Fight over park name means Council will have to vote once again
Monday, June 30, 2014 by Elizabeth Pagano
Despite hours of meetings and two visits to City Council, the park at 3000 Del Curto Road remains officially nameless because of a disagreement among those interested in the question.
Three names were originally under consideration for the park: Del Curto Park, South Lamar Neighborhood Park and Tom Lasseter Park.
Council postponed the park naming at the June 12 meeting, in order to allow the neighborhood to come to some consensus. However, that did not happen. Instead, the disagreement spread to Council, which voted 4-3 in favor of naming the park Tom Lasseter Park, with Mayor Pro Tem Sheryl Cole and Council Members Kathie Tovo and Laura Morrison voting in opposition. That vote was not enough to approve the renaming on all three readings, so Council members will vote again at their next meeting in August.
The Parks and Recreation Board was unable to come to an agreement on the park name at its most recent meeting, and offered no recommendation to Council.
Though to the untrained eye it might appear otherwise, there has been some progress on the park naming. The main proponent of naming the park Del Curto Park, Bruce Evans, reconsidered.
“He has realized that Tom Lasseter Park is, without question, the best and right name for the park,” said Carrie Lasseter, daughter of Tom Lasseter.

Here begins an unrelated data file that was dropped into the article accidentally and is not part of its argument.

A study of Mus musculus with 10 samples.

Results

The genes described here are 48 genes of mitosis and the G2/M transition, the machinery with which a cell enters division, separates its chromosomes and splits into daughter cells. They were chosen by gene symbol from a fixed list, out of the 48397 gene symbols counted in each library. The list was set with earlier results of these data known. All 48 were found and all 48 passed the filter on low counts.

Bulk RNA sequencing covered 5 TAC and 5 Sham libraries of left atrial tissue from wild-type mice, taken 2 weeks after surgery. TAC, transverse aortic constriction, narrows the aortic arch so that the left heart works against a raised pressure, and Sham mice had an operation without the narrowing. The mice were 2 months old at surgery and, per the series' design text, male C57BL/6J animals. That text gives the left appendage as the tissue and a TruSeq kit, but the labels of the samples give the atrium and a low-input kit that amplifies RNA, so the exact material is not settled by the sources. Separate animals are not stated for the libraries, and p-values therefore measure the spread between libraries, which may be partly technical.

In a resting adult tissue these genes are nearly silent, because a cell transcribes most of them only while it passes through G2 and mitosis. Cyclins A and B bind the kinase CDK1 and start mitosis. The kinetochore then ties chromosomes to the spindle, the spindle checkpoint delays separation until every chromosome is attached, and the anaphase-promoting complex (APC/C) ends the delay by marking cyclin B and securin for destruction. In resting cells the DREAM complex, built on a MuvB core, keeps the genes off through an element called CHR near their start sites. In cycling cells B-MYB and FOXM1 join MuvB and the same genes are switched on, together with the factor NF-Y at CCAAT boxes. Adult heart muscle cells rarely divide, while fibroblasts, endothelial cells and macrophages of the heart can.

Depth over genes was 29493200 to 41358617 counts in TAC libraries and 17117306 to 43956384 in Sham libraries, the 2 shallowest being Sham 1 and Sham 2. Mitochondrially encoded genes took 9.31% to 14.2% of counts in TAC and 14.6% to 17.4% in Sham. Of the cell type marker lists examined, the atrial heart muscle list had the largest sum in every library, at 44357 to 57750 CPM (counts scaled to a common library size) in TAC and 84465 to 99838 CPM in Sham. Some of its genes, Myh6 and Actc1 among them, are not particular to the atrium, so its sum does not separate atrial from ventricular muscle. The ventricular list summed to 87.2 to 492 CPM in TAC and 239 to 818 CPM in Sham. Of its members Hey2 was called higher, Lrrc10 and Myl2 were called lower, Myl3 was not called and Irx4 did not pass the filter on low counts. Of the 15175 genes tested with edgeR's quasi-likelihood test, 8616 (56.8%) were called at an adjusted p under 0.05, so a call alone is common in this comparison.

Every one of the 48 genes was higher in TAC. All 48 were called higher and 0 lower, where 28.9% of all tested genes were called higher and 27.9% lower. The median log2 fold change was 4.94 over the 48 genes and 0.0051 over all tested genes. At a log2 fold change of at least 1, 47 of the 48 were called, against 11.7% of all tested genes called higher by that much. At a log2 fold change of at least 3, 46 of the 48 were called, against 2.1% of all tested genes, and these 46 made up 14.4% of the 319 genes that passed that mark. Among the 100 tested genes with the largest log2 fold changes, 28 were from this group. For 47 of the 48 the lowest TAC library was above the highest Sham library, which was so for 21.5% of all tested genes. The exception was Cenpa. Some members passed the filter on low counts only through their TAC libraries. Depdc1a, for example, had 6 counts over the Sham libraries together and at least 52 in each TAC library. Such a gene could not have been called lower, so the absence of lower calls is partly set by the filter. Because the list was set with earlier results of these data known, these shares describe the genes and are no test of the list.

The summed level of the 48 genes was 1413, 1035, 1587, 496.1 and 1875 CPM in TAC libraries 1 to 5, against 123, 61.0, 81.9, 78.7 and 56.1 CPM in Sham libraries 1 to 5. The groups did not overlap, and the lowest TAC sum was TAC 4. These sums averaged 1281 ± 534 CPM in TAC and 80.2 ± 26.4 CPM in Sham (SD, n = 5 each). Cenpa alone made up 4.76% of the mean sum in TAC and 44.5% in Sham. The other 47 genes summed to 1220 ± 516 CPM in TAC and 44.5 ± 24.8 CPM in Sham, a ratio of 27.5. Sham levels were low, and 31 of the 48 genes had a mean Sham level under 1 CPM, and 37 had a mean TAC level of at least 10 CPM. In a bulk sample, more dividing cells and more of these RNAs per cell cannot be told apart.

Early Friday morning, Carrie Lasseter went on to detail her father’s accomplishments. Lasseter was a high profile Austinite before his 2011 death. Among other things, Lasseter served in both World War II and the Korean War. As an architect, he was responsible for the round Holiday Inn on Lady Bird Lake. Lasseter was involved with the Kiwanis Club, served on the board of directors for the YMCA of Austin, and was federation chief of the YMCA’s Indian Guide Program in 1968.
“I’m asking that you preserve this history. Preserve the meaning, the character, the soul of this property, by naming it after a person, an individual who was directly involved with the property and who contributed so much in the way of community service to Austin: my dad, Tom Lasseter.”
Tom Lasseter lived on the property in the 1960s. A subsequent buyer later donated it to the city. Though it was slated for a vertical mixed-use project, the neighborhood association successfully fought to turn the land into a park.
Mayor Lee Leffingwell spoke in favor of naming the part after Tom Lasseter, singling out his military service.
“He must have been a great man, because his daughter is so dedicated in his support,” said Leffingwell.
South Lamar Neighborhood Association founder Bryan King spoke in favor of naming the park after the group, and name the park’s bridge after him.
King had Morrison’s support. “This park is here because of the South Lamar Neighborhood Association,” said Morrison. “I saw the blood, sweat and tears that went into creating this park that is going to be, now, available to the neighborhood for years to come.”
Morrison suggested the city find another way to remember Lasseter.
Council Member Mike Martinez urged Council to seize the opportunity to honor Lasseter through land that he had lived on and improved for years, saying, “How do we appropriately honor a man when we just took the property that was his and named it after something else?”
For his part, Council Member Bill Spelman had a simple reason for voting against naming the park South Lamar Neighborhood Park: “It’s not on South Lamar. That’s going to add some practical difficulties for people looking for it,” said Spelman.